Humans are wiping out animals so fast that populations of mammals, birds, reptiles, amphibians, and fish are roughly half what they were in 1970, according to the World Wildlife Fund’s Living Planet Index (LPI), in its latest report (pdf). The index, which was compiled in partnership with the Zoological Society of London and the Global Footprint Network, tracks more than 10,000 populations of 3,000 different vertebrate species, bundling them the way you might with stocks to compose the S&P 500 or a basket of goods to calculate consumer price inflation.
“Put another way, in less than two human generations, population sizes of vertebrate species have dropped by half,” said Marco Lambertini, the director-general of WWF International. “These are the living forms that constitute the fabric of the ecosystems which sustain life on Earth. We ignore their decline at our peril.”
Of all the animal in the LPI, those that live in freshwater—including everything from fish and frogs to otters and geese—have suffered the most. Their populations have fallen more than three-quarters since 1970—a rate that’s nearly double that of land and marine species, which have dropped by 39% apiece. The WWF blamed the dwindling of freshwater species on habitat loss resulting from hydropower dam construction, industrial pollution, and other human activity.
But to evaluate mankind’s broader impact, the report constructed something called the “ecological footprint,” which tracks how much land and water—which the report terms “biocapacity”—a single person requires to both produce the resources he consumes and absorb the waste he creates.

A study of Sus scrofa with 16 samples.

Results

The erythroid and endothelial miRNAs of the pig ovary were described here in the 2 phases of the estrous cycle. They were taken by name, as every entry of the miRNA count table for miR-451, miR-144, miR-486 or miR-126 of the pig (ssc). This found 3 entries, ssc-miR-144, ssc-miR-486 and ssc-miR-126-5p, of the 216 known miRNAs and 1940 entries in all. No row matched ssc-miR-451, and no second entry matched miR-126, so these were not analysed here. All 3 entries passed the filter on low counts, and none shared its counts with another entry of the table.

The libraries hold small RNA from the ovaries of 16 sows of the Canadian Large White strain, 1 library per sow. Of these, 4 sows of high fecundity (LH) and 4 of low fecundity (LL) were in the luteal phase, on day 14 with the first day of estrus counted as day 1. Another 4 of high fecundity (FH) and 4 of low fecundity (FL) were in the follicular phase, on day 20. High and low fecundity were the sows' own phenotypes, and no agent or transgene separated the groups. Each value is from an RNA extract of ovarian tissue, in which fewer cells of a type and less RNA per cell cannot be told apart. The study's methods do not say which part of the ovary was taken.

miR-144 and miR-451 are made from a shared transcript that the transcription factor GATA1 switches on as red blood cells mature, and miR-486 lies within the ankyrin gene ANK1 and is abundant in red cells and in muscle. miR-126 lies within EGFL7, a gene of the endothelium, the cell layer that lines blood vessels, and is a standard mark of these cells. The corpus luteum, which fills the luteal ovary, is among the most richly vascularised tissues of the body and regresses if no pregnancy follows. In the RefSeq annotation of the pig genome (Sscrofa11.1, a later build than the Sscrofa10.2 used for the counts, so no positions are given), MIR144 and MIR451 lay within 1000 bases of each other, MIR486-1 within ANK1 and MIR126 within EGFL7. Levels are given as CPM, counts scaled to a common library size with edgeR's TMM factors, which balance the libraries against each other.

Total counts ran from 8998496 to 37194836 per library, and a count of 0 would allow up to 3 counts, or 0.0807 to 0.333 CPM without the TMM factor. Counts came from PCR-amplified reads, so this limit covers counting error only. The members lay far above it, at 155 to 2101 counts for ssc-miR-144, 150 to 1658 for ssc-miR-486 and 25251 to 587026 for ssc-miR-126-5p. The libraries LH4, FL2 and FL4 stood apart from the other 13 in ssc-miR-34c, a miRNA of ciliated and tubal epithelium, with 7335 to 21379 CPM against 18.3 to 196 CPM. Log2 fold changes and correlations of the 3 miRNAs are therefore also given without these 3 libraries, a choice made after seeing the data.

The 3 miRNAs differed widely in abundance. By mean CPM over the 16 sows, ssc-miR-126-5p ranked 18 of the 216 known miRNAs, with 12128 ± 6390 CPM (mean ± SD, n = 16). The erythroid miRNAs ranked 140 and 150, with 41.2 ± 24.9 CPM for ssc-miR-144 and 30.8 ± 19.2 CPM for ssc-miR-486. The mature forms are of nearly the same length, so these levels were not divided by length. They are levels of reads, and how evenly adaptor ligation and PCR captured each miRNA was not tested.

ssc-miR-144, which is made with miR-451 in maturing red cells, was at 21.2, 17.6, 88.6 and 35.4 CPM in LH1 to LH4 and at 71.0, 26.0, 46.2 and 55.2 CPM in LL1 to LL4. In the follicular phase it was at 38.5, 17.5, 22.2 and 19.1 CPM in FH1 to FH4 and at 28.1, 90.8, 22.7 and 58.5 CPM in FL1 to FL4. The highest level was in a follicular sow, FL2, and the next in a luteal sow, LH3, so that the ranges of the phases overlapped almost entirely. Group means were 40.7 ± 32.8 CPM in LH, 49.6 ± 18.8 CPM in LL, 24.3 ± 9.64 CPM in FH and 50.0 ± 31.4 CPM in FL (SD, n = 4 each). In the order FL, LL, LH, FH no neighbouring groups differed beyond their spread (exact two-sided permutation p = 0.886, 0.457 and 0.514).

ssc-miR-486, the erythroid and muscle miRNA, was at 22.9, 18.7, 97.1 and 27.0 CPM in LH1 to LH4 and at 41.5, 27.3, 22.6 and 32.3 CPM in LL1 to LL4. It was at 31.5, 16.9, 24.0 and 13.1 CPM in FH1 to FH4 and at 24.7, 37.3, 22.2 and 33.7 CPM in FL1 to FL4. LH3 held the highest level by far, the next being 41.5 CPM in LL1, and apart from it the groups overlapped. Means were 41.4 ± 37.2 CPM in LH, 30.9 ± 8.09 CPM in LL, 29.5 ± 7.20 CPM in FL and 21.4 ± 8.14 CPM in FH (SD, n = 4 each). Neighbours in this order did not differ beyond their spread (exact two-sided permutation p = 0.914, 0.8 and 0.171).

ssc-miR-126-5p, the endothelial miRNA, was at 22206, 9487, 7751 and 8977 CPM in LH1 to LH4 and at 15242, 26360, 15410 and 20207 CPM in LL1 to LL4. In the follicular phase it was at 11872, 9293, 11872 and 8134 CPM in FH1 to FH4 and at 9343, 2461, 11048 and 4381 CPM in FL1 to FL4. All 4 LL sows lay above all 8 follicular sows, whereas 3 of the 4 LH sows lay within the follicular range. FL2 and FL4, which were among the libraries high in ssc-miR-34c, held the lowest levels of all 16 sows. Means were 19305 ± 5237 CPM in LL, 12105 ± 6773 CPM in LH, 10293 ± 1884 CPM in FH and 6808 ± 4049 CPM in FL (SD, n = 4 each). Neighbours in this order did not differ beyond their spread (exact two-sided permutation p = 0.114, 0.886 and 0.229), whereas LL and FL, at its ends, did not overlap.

It turns out that climate change is also a big factor behind the decline in species, according to this analysis. In 1961 only 36% of humanity’s ecological footprint came from burning fossil fuels; by 2010, that share had soared to more than half.
“While biocapacity has increased globally, there is now less of it to go around,” the WWF said. For instance, that if every person on Earth had the lifestyle of the average resident of Qatar, we would need 4.8 planets. If everyone adopted American habits, we would need 3.9 planets.
But the blame doesn’t fall only on rich countries. Growing populations and wealth mean that even poorer countries are not living sustainably. If each human had the footprint of a South African, we would still need 1.4 planets. “Low-income countries have the smallest footprint,” the WWF notes, “but suffer the greatest ecosystem losses.”